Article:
Security oversight committee is an encouraging step, but we have a long way to go to safeguard Canadians’ privacy
Today’s announcement has the potential to strengthen oversight of Canada’s security agencies, but is only the first of many reforms required.
Today, Public Safety Minister Ralph Goodale and House Leader Dominic LeBlanc have announced legislation to establish a new parliamentary National Security and Intelligence Committee. The Committee will oversee the security activities of nearly 20 government departments and agencies. Privacy advocates have long called for the creation of such a committee, but warn that it will be insufficient in and of itself to safeguard Canadians’ privacy and to address the weaknesses in our current oversight system.
We recently met with Minister Goodale to discuss Canadians’ concerns about privacy. Today’s announcement is encouraging, but further measures, including the full repeal of the dangerous provisions introduced in Bill C-51, are needed. Canada is the only country in the Five Eyes alliance to not have parliamentary oversight, making this a much-needed step toward accountability and transparency in securing Canadians’ privacy.
The creation of this committee is just the first step toward reining in the long series of privacy abuses that have been shown to be systemic within Canada’s security agencies. Although this legislation should help narrow our long-standing oversight deficit, true accountability will not be achieved solely through the creation of a parliamentary committee — we need better laws.
The legacy left by last year's Bill C-51, and a failure to proactively regulate and protect Canadians from invasive devices including Stingrays, means that oversight can only go so far. We need more, and Canadians will need to actively engage in upcoming consultations if we’re to get the robust privacy protections and oversight framework we deserve.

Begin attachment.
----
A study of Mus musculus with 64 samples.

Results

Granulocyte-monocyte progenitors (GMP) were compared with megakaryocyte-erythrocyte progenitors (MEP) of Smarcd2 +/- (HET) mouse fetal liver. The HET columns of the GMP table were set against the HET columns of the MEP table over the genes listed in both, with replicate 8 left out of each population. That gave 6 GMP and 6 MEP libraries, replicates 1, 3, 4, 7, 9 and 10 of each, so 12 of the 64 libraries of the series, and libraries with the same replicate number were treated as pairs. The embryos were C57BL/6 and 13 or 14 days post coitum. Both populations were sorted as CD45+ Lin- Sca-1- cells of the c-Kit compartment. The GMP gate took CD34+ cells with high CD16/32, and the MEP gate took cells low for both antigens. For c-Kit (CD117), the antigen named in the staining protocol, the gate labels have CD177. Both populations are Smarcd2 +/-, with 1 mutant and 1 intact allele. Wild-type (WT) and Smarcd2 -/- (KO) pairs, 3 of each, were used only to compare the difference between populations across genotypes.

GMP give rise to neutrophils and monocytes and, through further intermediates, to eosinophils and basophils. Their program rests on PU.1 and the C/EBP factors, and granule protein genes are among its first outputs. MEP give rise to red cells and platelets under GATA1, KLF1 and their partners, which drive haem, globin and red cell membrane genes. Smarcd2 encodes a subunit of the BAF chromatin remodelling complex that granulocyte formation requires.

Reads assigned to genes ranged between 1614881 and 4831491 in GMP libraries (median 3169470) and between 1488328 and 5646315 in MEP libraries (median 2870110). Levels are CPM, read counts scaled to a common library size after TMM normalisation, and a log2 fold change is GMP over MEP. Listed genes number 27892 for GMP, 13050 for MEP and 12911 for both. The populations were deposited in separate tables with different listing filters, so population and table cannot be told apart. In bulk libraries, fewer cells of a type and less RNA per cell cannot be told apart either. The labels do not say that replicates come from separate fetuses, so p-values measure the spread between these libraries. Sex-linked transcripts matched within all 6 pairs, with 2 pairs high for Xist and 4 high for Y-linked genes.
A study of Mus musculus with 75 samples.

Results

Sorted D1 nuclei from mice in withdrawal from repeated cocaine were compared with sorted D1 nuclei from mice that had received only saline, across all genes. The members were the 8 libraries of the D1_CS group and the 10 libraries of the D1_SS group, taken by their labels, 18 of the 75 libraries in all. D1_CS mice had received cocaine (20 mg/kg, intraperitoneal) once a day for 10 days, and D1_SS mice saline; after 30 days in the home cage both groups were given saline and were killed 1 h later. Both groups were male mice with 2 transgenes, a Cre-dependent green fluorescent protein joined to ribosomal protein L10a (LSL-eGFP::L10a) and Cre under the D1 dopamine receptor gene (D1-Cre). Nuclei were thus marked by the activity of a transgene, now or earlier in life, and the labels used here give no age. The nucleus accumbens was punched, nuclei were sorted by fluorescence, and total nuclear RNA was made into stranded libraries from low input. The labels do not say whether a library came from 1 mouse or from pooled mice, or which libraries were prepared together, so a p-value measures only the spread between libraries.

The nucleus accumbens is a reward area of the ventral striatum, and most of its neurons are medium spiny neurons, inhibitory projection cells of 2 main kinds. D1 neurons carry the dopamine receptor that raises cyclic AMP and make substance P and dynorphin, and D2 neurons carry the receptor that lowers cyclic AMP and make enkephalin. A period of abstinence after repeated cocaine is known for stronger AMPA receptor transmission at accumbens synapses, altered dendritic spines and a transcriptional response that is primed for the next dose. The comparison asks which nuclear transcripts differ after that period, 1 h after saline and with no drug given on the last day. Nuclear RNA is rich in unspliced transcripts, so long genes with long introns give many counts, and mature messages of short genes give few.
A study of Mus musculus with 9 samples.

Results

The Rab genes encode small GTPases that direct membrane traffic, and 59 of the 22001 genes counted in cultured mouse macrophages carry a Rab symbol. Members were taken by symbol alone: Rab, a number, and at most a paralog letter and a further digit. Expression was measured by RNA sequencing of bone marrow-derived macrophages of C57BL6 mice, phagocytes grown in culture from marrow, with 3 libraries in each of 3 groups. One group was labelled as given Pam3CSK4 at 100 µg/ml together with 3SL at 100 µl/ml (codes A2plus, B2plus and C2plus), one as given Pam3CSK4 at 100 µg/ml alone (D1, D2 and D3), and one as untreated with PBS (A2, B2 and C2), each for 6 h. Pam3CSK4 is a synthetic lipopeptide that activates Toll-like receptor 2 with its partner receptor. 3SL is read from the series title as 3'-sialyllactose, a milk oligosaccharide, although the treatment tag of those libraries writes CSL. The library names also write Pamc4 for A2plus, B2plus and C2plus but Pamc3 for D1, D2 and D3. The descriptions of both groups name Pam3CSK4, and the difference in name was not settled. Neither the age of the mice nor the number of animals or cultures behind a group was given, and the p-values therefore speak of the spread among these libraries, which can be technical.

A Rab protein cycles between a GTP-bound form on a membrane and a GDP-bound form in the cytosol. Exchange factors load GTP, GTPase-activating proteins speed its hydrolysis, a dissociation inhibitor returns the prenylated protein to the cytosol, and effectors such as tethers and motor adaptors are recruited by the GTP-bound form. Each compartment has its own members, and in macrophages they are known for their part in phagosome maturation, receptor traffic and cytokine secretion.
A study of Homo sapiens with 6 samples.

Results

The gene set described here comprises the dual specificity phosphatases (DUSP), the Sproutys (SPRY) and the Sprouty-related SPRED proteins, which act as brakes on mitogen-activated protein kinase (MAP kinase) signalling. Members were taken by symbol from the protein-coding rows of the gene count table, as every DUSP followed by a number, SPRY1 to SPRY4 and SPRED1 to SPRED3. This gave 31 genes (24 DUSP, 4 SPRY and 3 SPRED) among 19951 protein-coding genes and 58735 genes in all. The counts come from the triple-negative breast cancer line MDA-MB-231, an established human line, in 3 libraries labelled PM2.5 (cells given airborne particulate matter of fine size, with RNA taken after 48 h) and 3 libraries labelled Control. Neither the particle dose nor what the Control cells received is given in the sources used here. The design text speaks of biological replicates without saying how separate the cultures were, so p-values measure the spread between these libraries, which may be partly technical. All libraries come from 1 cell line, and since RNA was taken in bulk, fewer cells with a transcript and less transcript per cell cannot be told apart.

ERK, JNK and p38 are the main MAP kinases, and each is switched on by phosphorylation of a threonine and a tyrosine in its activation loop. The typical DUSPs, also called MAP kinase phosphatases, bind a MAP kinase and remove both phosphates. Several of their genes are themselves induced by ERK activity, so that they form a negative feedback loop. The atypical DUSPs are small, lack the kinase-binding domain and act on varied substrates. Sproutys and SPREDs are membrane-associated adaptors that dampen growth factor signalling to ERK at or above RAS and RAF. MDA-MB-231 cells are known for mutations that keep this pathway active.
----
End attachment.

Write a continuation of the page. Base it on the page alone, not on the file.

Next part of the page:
In March, a diverse range of civil society organizations sent Minister Goodale a letter setting out the necessary components of an effective and integrated national security accountability framework for Canada. The letter highlighted how a parliamentary committee alone would not be sufficient to address our accountability deficit. It also made two key recommendations that appear not to have been taken up by the government at this stage:
A consolidated and enhanced expert review body – a “superSIRC” – with robust access to secret information, capable of raising efficacy issues but charged primarily with “propriety” review – that is, focusing on whether the Security and Intelligence community comply with law, policy and directives, and also empowered to hear complaints concerning Security and Intelligence community conduct.
An independent monitor of national security law built on the UK and Australian model, with robust access to secret information and charged with expert analysis of Canada’s proposed or actual antiterrorism and national security legislation.
Among the other potential shortcomings of this morning’s announcement are:
The Committee will not be empowered to hear complaints from Canadians about the activities of security agencies.
The Committee will need to run its reports past the government, which will remove classified information. The determination of what constitutes “classified” information will be made by the government, running the risk of making the reports functionally useless. This also means the government can determine the timing of when reports are released, a key shortcoming of the UK model.
Information provided to the Committee can be restricted by the Minister of Public Safety
The Minister of Public Safety will also have the power to shut down Committee investigations if she or he believes they will be injurious to national security.
Committee members will need a high-level of security clearance, and will lose their parliamentary immunity if they choose to speak out.
When we consulted Canadians early last year as part of the groundwork for its crowdsourced pro-privacy action plan, insufficient oversight of spy agencies was a top concern. That plan set out 10 key recommendations to create a culture of accountability for Canada’s security agencies.
Canadians are working together for stronger privacy safeguards at OurPrivacy.ca.